Module 3: Program Clearinghouse

This section provides examples of rural organizations that have implemented chronic disease management programs to improve health and well-being. The Health Resources and Services Administration (HRSA) Federal Office of Rural Health Policy (FORHP) has funded several programs in rural areas with the goal of improving chronic disease management as part of the Rural Health Care Services Outreach Program through the Outreach Track and Healthy Rural Hometown Initiative Track. This program focuses on expanding access to healthcare services in rural areas with the goal of addressing health disparities and improving health outcomes.

This module provides examples of federal grantees and other organizations that have developed promising programs designed to improve chronic disease outcomes in rural communities. For more information about evidence-based and promising approaches for managing chronic disease, see Module 2.

  • Access East
    Synopsis: Access East is implementing the HealthAssist program to help improve health outcomes and quality of life for qualifying uninsured and underinsured residents in eastern North Carolina with chronic diseases. HealthAssist has developed three different programs to help patients access needed medications to manage their illnesses, acquire supplies for diabetes treatment, and meet other healthcare needs.
  • Avera Health
    Synopsis: Avera Health, located in rural South Dakota, offers a care transitions program that uses remote patient monitoring to support patients with congestive heart failure after hospital discharge.
  • Delta Health Alliance
    Synopsis: The Delta Health Alliance's BLUES (Better Living Utilizing Engagement Strategies) Diabetes Initiative provides chronic disease management through telehealth endocrine counseling and mobile primary care services to patients with diabetes in rural Mississippi.
  • Great Mines Health Center: Mobile Integrated Healthcare
    Synopsis: The Mobile Integrated Healthcare (MIH) initiative in rural Missouri uses a community paramedicine model to deliver care. MIH takes highly skilled emergency medical services staff into the homes of people living with chronic diseases, allowing them to receive quality medical care in their home and avoid expensive hospital visits.
  • Lake County Tribal Health Consortium, Inc.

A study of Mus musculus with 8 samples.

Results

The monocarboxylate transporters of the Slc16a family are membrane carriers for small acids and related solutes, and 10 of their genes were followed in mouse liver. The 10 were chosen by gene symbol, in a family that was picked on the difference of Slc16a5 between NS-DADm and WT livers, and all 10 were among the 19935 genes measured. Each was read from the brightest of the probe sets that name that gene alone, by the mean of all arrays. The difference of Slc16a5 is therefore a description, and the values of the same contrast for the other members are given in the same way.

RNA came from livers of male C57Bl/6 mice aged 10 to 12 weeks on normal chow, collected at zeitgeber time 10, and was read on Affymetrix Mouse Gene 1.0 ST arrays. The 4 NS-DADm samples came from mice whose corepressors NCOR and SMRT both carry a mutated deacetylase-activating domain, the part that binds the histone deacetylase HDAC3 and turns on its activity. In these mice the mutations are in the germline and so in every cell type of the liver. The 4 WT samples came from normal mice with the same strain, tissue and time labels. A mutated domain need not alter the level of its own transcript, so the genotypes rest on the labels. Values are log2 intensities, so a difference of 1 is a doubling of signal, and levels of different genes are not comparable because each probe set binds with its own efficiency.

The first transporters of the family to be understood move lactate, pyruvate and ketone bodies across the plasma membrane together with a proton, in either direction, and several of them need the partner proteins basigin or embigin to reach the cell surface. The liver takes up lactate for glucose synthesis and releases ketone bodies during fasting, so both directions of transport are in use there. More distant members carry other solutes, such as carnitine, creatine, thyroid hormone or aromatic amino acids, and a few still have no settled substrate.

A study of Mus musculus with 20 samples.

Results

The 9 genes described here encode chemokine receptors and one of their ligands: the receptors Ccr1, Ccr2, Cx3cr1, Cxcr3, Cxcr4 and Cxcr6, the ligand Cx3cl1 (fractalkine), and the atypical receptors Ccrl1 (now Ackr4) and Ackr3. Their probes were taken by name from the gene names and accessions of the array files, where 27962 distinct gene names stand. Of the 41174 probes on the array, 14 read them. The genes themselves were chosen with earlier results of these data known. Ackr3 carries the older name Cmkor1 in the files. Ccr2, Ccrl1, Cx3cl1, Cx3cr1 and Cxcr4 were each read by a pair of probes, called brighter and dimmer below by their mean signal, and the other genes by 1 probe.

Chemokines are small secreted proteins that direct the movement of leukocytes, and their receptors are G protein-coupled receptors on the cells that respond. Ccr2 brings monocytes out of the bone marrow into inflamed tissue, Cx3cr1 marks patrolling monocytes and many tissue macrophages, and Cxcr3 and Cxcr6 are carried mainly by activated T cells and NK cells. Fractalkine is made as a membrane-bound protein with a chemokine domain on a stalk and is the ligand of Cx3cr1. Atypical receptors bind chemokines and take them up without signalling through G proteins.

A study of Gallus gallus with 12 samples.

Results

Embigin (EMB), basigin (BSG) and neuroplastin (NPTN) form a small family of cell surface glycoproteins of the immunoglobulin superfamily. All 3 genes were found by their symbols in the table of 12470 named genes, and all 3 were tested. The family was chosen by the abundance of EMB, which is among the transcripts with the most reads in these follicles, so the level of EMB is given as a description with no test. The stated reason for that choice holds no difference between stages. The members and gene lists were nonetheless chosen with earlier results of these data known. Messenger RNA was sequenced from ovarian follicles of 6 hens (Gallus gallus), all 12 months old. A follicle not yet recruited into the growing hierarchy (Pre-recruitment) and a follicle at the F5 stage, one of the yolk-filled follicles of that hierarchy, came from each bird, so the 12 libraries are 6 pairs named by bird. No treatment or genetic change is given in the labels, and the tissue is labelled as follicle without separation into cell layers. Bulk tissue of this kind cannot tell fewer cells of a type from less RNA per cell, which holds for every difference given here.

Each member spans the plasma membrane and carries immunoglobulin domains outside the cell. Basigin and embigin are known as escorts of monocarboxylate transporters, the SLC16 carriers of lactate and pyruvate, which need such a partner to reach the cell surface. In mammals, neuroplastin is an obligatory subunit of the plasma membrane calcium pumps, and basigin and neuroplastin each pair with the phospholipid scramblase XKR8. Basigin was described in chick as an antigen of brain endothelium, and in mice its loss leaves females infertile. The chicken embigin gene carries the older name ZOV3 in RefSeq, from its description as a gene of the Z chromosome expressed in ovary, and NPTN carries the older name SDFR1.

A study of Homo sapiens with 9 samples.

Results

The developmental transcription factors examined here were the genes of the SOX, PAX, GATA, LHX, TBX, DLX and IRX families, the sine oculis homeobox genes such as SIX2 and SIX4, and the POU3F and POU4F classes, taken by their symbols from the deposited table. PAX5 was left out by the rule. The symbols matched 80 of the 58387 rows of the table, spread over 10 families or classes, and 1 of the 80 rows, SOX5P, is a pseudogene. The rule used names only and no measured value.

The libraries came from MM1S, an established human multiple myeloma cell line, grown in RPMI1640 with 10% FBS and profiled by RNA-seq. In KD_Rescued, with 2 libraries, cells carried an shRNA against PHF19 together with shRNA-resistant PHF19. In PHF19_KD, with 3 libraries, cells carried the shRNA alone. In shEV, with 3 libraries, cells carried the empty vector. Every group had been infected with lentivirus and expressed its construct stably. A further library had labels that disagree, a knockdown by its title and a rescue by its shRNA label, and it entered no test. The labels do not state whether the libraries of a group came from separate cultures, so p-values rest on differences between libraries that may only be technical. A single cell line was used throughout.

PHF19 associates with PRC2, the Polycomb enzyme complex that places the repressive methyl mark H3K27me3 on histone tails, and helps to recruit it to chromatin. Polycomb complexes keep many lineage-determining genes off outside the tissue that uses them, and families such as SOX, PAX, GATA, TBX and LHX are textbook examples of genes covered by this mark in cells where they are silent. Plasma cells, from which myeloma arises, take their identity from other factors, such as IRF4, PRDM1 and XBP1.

Synopsis: Lake County Tribal Health Consortium offers chronic disease and diabetes self-management programs for Native American and Latino populations in rural Lakeport, California.
  • Mainline Health Systems
    Synopsis: Mainline Health Systems uses a patient-centered medical home model and trained nurses, pharmacists, and community health workers to provide intensive chronic disease case management, medication management, and other chronic disease programs to improve the health of residents of rural Southeast Arkansas.
  • South Carolina Center for Rural and Primary Healthcare
    Synopsis: The Center for Rural and Primary Healthcare is a partnership between the University of South Carolina School of Medicine and the state's Department of Health and Human Services. The center funds programs to expand access to healthcare services, including chronic disease management, for rural communities in South Carolina.
  • Sullivan 180
    Synopsis: Sullivan 180 is a nonprofit organization dedicated to building a healthy community through people, places, and policy. The Hands4Health Network was created to bring together county partners to review and select a community health worker program for Sullivan County residents living with a chronic disease. The purpose of these community health workers would be to improve health and well-being while reducing the impact of social determinants of health.
  • West Virginia School of Osteopathic Medicine Center for Rural and Community Health (WVSOM CRCH)
    Synopsis: The West Virginia School of Osteopathic Medicine Center for Rural and Community Health (WVSOM CRCH) empowers communities to reach their highest level of health and wellness through education, research, and evidence-based programs. The center offers training services to become a Community Health Education Resource Person (CHERP) and conducts workshops across West Virginia in chronic disease self-management, chronic pain self-management, and diabetes self-management.